How Will I Pay My Rent?
Once you sign your tenancy agreement you are responsible for paying your rent on time. If you can’t pay your rent then please contact your arrears manager immediately. We can help you in the following ways:
- Give you confidential help and advice;
- Ensure you apply for housing and any other welfare benefits you may be entitled to;
- Agree a manageable repayment programme to clear your rent arrears;
- Refer you to a debt counselling advice agency – should you need this assistance.
You can pay your rent in many different ways. Visit our pay page for more information.
Action against tenants that do not pay
We will undertake court action if you deliberately fail to pay your rent, or keep to an agreed payment plan. Court action will result in costs charged to your rent account and you will have a County Court Judgement (CCJ) against you.
A CCJ will limit your ability to secure a loan, rental agreements and credit payment choices in future.
A court order, and eviction if you breach your payment contract, is a last resort. They will be used after you have had every opportunity to pay the outstanding sum or made a reasonable arrangement to do so.
Why you should avoid getting behind with your rent
If we evict you for rent arrears, and find that you are intentionally homeless, we do not have a duty to re-house you under homelessness legislation.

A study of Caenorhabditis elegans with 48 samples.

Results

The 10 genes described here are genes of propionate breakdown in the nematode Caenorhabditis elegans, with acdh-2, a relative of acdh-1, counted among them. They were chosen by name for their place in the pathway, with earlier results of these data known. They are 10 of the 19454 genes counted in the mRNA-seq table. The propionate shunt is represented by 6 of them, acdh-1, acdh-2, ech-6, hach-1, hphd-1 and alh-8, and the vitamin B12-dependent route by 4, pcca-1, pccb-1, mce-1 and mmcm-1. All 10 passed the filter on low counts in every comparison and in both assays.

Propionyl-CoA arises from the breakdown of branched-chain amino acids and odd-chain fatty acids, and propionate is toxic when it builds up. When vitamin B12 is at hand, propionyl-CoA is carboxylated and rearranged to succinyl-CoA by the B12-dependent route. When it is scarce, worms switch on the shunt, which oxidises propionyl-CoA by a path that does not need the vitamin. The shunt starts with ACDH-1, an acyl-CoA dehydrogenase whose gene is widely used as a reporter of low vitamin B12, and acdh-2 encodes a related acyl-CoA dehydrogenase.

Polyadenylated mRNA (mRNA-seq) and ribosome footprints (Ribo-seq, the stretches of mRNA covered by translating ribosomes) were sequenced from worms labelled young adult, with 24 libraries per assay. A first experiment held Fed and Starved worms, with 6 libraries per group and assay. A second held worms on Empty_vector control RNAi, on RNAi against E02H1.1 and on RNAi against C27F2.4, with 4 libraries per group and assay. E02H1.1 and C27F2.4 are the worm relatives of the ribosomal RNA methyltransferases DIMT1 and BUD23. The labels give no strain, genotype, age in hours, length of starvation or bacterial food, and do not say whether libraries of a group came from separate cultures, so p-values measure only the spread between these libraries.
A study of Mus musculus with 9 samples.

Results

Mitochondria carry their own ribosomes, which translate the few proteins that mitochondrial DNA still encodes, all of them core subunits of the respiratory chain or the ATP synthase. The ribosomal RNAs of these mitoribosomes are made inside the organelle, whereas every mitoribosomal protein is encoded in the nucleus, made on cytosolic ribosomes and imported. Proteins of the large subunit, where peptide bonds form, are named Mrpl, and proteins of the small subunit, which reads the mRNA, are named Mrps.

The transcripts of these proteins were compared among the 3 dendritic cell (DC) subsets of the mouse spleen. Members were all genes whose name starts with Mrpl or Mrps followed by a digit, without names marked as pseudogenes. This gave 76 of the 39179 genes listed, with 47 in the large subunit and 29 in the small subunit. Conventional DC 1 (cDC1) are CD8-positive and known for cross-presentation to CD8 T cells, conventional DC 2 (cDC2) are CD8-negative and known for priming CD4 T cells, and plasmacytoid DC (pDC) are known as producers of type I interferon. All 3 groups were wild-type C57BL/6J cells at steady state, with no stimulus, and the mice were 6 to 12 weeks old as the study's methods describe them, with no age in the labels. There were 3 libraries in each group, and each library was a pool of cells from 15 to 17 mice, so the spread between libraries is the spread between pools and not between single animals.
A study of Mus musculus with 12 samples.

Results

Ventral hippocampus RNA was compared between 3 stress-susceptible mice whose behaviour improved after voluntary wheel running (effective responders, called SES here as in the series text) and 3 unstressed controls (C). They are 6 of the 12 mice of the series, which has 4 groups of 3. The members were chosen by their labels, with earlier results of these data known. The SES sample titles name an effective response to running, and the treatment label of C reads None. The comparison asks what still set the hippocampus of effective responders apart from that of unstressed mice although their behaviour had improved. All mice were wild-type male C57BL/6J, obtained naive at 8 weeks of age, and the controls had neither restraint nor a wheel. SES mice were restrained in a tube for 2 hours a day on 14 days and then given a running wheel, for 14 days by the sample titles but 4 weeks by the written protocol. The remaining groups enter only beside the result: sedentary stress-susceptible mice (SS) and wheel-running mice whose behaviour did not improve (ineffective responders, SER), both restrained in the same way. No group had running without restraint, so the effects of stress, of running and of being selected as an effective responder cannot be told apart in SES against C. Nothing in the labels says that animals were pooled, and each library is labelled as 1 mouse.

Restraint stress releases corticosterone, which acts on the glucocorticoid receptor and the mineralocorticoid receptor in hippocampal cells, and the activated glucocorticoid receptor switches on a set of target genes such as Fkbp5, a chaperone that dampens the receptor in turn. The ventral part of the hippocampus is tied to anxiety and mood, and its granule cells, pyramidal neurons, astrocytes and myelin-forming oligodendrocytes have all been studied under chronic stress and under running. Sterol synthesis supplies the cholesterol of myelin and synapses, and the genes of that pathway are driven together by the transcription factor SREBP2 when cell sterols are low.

If we make an application to the County Court to recover rent arrears we will add the court costs to your rent account.
Once you have a CCJ against your name you lose your security of tenure and therefore the Right to Buy.
You may not be able to transfer home or complete a mutual exchange to another property.
We may not let a garage to you and we may end an existing garage tenancy if you have rent arrears.
We will provide an honest representation of your rent account conduct should a building society or another lending agent ask for a reference subject to your agreement. If your account is in arrears the reference may affect your ability to secure a mortgage.
We have moved to a 52 week year
From April 2016 we changed the way you pay rent. You now pay the annual rent over a 52 week year. This means you no longer have two non-charge/rent free weeks over the Christmas period.
Why did we do this?
From April 2016, the maximum weekly amount of housing benefit that can be paid towards renting a property (known as the Local Housing Allowance or LHA) is based on the number of bedrooms you and your family need. This doesn’t take into account a 50 week payment plan, so some of our tenants would be at a disadvantage.
The new rent plan supports the transition to Universal Credit (UC). UC claimants receive 12 equal payments per year.
We already have more than 1,400 tenants who pay by direct debit. These payments are made 12 times a year. The new plan will help you to budget over the year. Changing to a 52 week rent year has reduced the weekly payments.